What am I liable for when signing an affidavit of support (Form I-864)?

I am often asked, “What am I liable for if I sign an affidavit of support?” It is a good question and it seems that it is never possible to find the answer in one place so I hope to clarify it.

For purposes of this blog, I will assume you have been asked to sign an affidavit of support known by Form No. I-864. There are other websites including the USCIS website (www.uscis.gov) which discuss when an affidavit of support is required and the difference between Forms I-864 and I-134 (an affidavit of support used for non-immigrants).

An affidavit of support is a contract between the sponsor and the U.S. Government. It is used to prove that the intending immigrant will not become dependent upon the government or become a “public charge.” By signing the form, the sponsor is telling the government that he or she has sufficient resources to support the intending immigrant if necessary. If the immigrant applies for public benefits, the sponsor’s income may be deemed the immigrant’s income and the agency may deny benefits to the immigrant.

If the immigrant sponsored in the affidavit does receive one of the federal, state or local “means-tested” public benefits, the agency providing the benefit may request the sponsor to repay the cost of those benefits. The agency can sue the sponsor if the cost of the benefits is not repaid.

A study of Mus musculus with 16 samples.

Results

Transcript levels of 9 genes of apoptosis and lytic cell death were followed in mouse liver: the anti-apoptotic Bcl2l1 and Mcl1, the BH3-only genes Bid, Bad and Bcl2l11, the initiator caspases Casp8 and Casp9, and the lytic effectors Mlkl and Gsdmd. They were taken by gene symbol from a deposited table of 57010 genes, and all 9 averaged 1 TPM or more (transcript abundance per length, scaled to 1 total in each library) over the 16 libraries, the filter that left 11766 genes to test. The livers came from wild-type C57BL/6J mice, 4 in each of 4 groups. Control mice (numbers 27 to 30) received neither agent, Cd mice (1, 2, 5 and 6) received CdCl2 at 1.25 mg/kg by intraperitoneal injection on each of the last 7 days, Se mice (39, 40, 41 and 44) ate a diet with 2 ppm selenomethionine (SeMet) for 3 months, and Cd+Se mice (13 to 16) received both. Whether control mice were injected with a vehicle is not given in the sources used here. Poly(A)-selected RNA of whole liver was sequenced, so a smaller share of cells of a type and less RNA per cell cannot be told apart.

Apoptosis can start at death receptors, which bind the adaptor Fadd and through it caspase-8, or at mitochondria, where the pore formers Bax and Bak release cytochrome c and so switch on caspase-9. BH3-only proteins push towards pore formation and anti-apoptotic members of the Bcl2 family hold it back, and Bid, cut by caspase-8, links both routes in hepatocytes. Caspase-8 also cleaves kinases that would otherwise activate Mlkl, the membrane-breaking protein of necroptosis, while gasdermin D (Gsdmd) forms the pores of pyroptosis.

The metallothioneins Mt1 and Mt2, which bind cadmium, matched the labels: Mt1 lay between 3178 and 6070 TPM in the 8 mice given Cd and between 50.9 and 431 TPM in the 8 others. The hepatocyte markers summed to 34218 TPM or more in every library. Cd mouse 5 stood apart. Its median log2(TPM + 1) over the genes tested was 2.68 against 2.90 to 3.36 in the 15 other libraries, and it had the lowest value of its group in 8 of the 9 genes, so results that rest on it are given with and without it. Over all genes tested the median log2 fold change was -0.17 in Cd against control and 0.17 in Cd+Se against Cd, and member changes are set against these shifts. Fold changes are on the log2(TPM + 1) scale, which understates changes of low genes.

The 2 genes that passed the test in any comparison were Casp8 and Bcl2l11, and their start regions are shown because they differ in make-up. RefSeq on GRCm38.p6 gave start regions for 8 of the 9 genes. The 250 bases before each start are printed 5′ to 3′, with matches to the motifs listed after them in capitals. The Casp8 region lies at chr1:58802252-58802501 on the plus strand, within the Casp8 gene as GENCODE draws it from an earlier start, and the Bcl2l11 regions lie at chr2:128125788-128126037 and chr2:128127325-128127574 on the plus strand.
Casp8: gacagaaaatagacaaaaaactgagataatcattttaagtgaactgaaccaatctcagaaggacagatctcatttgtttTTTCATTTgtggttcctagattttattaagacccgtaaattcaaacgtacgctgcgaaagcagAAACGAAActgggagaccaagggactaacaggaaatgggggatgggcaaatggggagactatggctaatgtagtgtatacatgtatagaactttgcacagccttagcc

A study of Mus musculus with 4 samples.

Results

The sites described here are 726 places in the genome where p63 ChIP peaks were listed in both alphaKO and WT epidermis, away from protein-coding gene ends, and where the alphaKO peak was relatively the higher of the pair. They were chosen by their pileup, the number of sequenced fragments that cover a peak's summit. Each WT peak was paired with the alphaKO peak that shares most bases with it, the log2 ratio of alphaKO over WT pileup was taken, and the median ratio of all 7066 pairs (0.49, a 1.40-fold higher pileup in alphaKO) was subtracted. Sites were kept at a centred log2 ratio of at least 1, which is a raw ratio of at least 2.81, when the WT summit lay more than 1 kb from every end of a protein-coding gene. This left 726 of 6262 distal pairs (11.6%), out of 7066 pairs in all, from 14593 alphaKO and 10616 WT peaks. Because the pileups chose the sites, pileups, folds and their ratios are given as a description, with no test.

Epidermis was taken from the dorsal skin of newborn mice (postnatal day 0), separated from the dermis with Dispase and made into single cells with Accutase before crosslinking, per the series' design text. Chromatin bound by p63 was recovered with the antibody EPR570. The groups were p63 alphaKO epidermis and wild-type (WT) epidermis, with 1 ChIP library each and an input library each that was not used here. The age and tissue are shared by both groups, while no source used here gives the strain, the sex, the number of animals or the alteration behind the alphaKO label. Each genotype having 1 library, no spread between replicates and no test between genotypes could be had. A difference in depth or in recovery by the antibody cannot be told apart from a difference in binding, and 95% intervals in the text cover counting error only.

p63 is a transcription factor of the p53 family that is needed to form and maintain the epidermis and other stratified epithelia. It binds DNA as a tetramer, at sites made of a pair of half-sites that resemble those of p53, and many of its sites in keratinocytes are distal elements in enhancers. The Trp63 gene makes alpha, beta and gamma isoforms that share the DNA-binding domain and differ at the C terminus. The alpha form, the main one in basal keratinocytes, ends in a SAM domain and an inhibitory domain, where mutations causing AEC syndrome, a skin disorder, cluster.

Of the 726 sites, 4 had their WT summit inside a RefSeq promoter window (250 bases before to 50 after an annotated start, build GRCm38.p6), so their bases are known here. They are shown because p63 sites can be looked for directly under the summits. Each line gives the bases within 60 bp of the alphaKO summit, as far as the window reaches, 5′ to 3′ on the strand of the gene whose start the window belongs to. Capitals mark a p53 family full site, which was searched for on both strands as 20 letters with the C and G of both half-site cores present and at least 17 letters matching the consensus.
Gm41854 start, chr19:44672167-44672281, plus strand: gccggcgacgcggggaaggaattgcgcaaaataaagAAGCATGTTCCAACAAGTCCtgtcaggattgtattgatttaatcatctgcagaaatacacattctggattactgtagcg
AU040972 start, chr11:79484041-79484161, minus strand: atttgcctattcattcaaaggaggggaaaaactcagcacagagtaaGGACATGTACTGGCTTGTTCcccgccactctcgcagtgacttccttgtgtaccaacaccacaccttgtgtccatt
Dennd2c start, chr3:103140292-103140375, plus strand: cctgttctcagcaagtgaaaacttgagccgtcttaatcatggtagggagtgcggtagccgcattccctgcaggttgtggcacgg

Programs that are federal-means-tested benefits include Supplemental Security Income (“SSI”), food stamps, non-emergency Medicaid (known as Medi-Cal in California), Temporary Assistance For Needy Families “(TANIF) and the State Children’s Health Insurance Program (“SCHIP”). In reality, immigrants for whom an affidavit of support has been completed will not be able to access these benefits because when an individual applies for a benefit, the agency will check to see if an affidavit of support has been completed for them.

The affidavit of support is valid until the immigrant has worked 40 qualifying quarters (approximately ten years) or has naturalized (becomes a U.S. Citizen). Divorce does not terminate the sponsor’s liability.

The affidavit is not enforceable between private parties.  Thus, if the immigrant buys a new car and then defaults on the car loan, the bank cannot try to seek repayment from the immigrant’s sponsor.

Federal agencies have issued little guidance on “means tested benefits” and it is not clear how a federal agency or a state agency would go about suing an individual for repayment. State agencies are not required to sue sponsors for repayment. There are other programs and circumstances particular to a person’s immigration status that may allow access to public benefits without sponsor liability. Nevertheless, a sponsor should exercise caution before signing an affidavit of support as the government does consider it to be an enforceable contract.